Not all body checks that lead to concussions are illegal hits. For anyone who was wondering the difference, Nick Foligno lit up Cody Hodgson in the first period of the Canucks/Sens game on Saturday night. Hodgson corrals the puck and starts up the boards in his own zone and makes the unfortunate decision to cut towards the middle. Instead of finding open ice, Hodgson found a huge piece of a Nick Foligno check.
The Sens forward delivers a perfectly clean check. He keeps his elbow down and stays on his feet as he drives through Hodgson. There’s contact with the head, but only because Hodgson is bending over and makes a late turn into Foligno. Hopefully Andy Sutton was watching and taking notes.
Hodgson was clearly dazed, struggled to find his balance on his feet, and had to be helped to the bench. It was quickly announced that he would not return to the game.
On the ensuing shift, Canucks forward Dale Weise went straight towards Foligno to make him answer for the huge check on a skilled player. Foligno obliged, they dropped the gloves, and settled business. Much respect to Weise for standing up for his teammate; much respect to Foligno for taking a challenger that is doing his job.
(Update: It continued to be a memorable night for Foligno. Midway through the second period, he hit Ryan Kesler almost the same spot in the ice and was given boarding call… and a 10-minute misconduct for his vocal disagreement with the call.)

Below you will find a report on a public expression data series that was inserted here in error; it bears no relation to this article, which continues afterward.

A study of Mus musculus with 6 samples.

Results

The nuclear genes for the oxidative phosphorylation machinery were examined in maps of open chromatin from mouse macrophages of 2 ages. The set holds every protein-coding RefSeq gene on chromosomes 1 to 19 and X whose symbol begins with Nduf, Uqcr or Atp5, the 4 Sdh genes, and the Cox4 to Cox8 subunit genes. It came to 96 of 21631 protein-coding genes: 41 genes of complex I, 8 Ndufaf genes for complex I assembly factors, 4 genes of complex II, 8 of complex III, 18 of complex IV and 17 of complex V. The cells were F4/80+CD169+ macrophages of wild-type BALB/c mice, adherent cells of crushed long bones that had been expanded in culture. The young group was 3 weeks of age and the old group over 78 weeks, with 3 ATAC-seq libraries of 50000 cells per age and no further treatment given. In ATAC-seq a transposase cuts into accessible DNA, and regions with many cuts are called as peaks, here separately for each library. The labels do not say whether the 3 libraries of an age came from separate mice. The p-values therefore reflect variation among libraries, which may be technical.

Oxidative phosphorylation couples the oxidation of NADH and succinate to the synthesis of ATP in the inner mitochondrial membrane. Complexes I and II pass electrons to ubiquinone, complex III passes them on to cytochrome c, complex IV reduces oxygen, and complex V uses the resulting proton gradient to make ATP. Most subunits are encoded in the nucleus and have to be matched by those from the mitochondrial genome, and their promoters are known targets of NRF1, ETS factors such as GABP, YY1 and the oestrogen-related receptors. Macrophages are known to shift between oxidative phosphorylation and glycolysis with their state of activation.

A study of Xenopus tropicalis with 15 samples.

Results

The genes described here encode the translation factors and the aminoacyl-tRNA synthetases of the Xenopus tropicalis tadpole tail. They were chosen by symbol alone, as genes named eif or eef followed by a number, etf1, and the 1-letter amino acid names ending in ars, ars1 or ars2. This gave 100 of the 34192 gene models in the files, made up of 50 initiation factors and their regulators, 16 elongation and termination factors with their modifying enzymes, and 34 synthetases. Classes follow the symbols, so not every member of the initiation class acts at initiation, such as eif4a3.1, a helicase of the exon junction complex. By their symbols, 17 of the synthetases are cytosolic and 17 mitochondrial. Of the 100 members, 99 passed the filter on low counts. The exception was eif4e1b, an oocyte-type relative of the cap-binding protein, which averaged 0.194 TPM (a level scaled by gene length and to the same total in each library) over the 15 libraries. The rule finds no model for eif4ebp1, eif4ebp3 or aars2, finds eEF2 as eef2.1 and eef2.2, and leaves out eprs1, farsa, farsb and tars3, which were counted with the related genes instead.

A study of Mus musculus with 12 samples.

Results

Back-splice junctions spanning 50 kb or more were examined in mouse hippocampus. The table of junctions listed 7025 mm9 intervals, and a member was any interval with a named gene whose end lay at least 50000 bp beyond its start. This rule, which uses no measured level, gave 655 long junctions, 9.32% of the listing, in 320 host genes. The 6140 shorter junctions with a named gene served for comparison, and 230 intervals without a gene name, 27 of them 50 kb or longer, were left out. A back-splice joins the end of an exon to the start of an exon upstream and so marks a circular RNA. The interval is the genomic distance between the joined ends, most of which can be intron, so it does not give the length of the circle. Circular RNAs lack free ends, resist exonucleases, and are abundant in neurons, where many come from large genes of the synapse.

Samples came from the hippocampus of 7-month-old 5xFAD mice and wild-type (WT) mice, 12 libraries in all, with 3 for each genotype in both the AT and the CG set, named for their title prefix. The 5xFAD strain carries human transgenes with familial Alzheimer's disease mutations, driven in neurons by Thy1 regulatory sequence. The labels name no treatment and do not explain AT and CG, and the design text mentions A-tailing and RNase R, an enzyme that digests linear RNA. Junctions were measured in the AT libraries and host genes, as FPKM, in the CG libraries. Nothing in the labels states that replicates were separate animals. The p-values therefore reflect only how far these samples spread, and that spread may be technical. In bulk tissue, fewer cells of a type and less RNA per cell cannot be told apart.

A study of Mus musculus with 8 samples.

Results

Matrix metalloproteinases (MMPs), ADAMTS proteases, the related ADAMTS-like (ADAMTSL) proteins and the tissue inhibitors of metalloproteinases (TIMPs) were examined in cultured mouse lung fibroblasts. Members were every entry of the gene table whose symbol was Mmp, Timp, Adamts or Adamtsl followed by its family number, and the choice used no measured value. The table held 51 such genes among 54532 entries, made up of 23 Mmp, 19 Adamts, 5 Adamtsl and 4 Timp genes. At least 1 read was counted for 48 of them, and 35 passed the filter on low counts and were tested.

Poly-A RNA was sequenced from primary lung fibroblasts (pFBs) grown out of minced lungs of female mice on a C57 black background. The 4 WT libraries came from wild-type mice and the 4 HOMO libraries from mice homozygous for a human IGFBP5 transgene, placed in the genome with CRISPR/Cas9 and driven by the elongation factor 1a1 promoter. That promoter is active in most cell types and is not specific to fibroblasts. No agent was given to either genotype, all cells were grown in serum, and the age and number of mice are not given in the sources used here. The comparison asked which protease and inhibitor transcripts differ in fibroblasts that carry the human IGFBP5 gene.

Tinordi, 23, has yet to play a single game for the Habs this season. If he were still exempt from waivers, he’d have undoubtedly been sent to the AHL long before he had to watch so many NHL games from the press box.
In light of situations like Tinordi’s, some have suggested the NHL change the rules. Currently, the only risk-free way for waiver-eligible players to get playing time in the AHL is via conditioning stint, and, as mentioned, those are limited to 14 days in length.
So the Habs will, indeed, need to make a “tough decision” when Tinordi’s conditioning stint is up. Do they put him in the lineup? Do they keep him in the press box and wait for an injury or some other circumstance to create an opportunity for him to play? Do they risk losing him to waivers by attempting to send him to the AHL? Do they trade him?
The 24-year-old goalie was always likely to clear, what with his dreadful numbers this season (0-2-1, .868),
But we suppose there was always the chance he’d get picked up, so it’s a relief for the Flames all the same. With a little more time to hone his game in the AHL, Ortio could still turn out to be a quality NHL netminder.
In a related move, veteran goalie Jonas Hiller has been activated from injured reserve. Hiller and Karri Ramo are the only goalies on the Flames’ active roster now.
Price placed on injured reserve; Yakupov to miss 2-4 weeks with sprained ankle
Ducks captain Ryan Getzlaf wasn’t impressed with at least two things last night in Arizona:
1. His team’s performance in a 4-2 loss to the Coyotes. 2. The atmosphere inside Gila River Arena, where the announced attendance was just 11,578.
“It’s hard. When you come into a building … it’s dead,” Getzlaf told the O.C. Register. “Nothing against the fans. It’s hard to fill a big building like this and have the amount of people in it to build your energy. So you have to do it yourself. You have to be ready when you step on the ice. I thought we came out flat.”
Anaheim’s record fell to 8-11-4 with the defeat.
The Coyotes’ average attendance also fell, to 13,144 in eight games.